R | | Drama | 18 November 1988 (USA)
A surreal portrait of a Catholic Private School and its hierarchy. A new student must submit to the bizarre rituals of his peers and the expectations of the school's administration by ... See full summary »



Cast overview, first billed only:
...
Brother Leon
...
...
Archie (as Wally Ward)
...
Obie
Corey Gunnestad ...
Goober
...
Emile Janza (as Brent Fraser)
Robert Davenport ...
Brian Cochran
...
Lisa
...
Brother Jacques
...
Carter
...
Caroni
Wayne Young ...
Gregory Bailey
Kurt Bloom ...
Impressed Kid on Bus
Wyeth Orestes Johnston ...
Senior 'Environment' Kid
Landon Wine ...
Frank Bollo

A surreal portrait of a Catholic Private School and its hierarchy. A new student must submit to the bizarre rituals of his peers and the expectations of the school's administration by selling chocolates. Written by Brooke <soylent@ican.net>

Plot Summary | Add Synopsis

Genres:

Drama

Certificate:

R | See all certifications »


Release Date:

18 November 1988 (USA)  »

Also Known As:

A Guerra do Chocolate  »

Box Office

Gross:

$303,624 (USA)
 »

Company Credits


Runtime:

Sound Mix:


1.85 : 1

Trivia

The film had a paltry music budget of about $15,000. Most of the artists featured on the soundtrack allowed the filmmakers to use their songs at bargain basement prices. David Bowie, however, asked for $100,000 to utilize his song "Heroes" during the final scene and credits, so Kate Bush's "Running Up That Hill" was substituted. See more »

Quotes

Brother Leon: I'm warning you Archie, if the sale goes down the drain, you and the Vigils go down the drain. We all go down the drain together!

Featured in The Celluloid Closet (1995) See more »

Soundtracks

Ode to Boy
Performed by Yazoo (as Yaz)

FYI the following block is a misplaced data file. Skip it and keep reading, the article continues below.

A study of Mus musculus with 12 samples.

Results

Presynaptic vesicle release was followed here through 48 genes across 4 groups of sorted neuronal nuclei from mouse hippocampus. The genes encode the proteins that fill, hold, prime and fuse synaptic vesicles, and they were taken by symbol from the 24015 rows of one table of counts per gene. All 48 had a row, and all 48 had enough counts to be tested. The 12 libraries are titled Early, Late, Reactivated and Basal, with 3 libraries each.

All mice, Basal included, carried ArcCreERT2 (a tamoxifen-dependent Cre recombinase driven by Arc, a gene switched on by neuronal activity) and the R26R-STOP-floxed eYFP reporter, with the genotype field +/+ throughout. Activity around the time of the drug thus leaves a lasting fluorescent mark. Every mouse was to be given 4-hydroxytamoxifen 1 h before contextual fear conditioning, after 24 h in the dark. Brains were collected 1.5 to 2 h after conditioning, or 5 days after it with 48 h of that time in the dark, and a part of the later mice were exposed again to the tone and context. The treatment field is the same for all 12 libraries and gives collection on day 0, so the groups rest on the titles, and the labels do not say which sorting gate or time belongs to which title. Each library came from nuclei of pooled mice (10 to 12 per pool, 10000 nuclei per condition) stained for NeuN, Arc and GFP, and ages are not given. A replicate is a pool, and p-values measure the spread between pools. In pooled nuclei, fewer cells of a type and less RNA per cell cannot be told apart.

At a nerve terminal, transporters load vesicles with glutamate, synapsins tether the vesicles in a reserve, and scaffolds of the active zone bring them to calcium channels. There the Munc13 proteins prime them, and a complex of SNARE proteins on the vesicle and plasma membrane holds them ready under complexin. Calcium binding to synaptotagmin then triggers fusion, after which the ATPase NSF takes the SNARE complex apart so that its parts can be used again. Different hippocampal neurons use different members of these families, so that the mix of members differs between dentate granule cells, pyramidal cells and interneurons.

Written by Alison Moyet (as Allison Moyet)
Used with permission of Emile Music (ASCAP) on behalf of Sonet Records and Publishing Ltd.
Courtesy of Sire Records / Mute Records
By Arrangement with Warner Special Products

 
This ain't "Ferris Bueller"
1 August 2000 | by (Tennessee) – See all my reviews

Dark, strange, slightly amateurish yet oddly compelling, "The Chocolate War" is an excellent antidote to the happy-go-lucky teen films made popular by John Hughes in the 1980's. Based on the popular book by Robert Cormier, the story concerns Jerry Renault (Ilan Mitchell-Smith, "Weird Science"), a bright but sad young man coping with his mother's untimely death (which has also turned his father cold and distant). Jerry is a student a prep school known as Trinity, where he clashes with a sadistic "secret fraternity" known as the Vigils and the oh-so-slightly-mad acting headmaster Brother Leon (played to perfection by John Glover). At first by order of the Vigils, and then on his own, Jerry refuses to participate in the annual fund-raising chocolate sale, which not only angers Brother Leon but also causes an assortment of other problems. Yes, this is a rather simplistic summary, but going into great detail will not only take a lot of time but will also spoil the viewing experience.

"The Chocolate War" is the directorial debut of actor Keith Gordon ("Christine," "Back to School"), who also wrote the screenplay. The film is a fairly faithful adaptation of Cormier's novel, but the ending is changed significantly. Fans of the book argue that Gordon's ending for the film is too "tidy" or "happy," but in it's own way the film ends on a rather despairing note, with no easy answers or solutions.

Obviously filmed on a shoestring budget, "The Chocolate War" still boasts wonderful performances by its young cast. Mitchell-Smith is quite good as Jerry Renault, as well as the previously mentioned John Glover. Wally Ward (better known today as Wallace Langham of "Veronica's Closet") is very good as the Vigils' evil "assigner" Archie, and Bud Cort ("Harold and Maude") has a funny cameo as another teacher. Sometimes the pacing is slow, and sometimes the director attempts to be a little too "artistic" in his style; the film also suffers from a soundtrack that was dated even when the movie was made (the music comes from such new-wave dinosaurs as Yaz and Kate Bush). But "The Chocolate War" is a very thoughtful, well acted, compelling piece of work, and that is a cinematic rarity. Barely seen at the time of release and sometimes hard to find in video stores, "The Chocolate War" is well worth watching...and also well worth reading.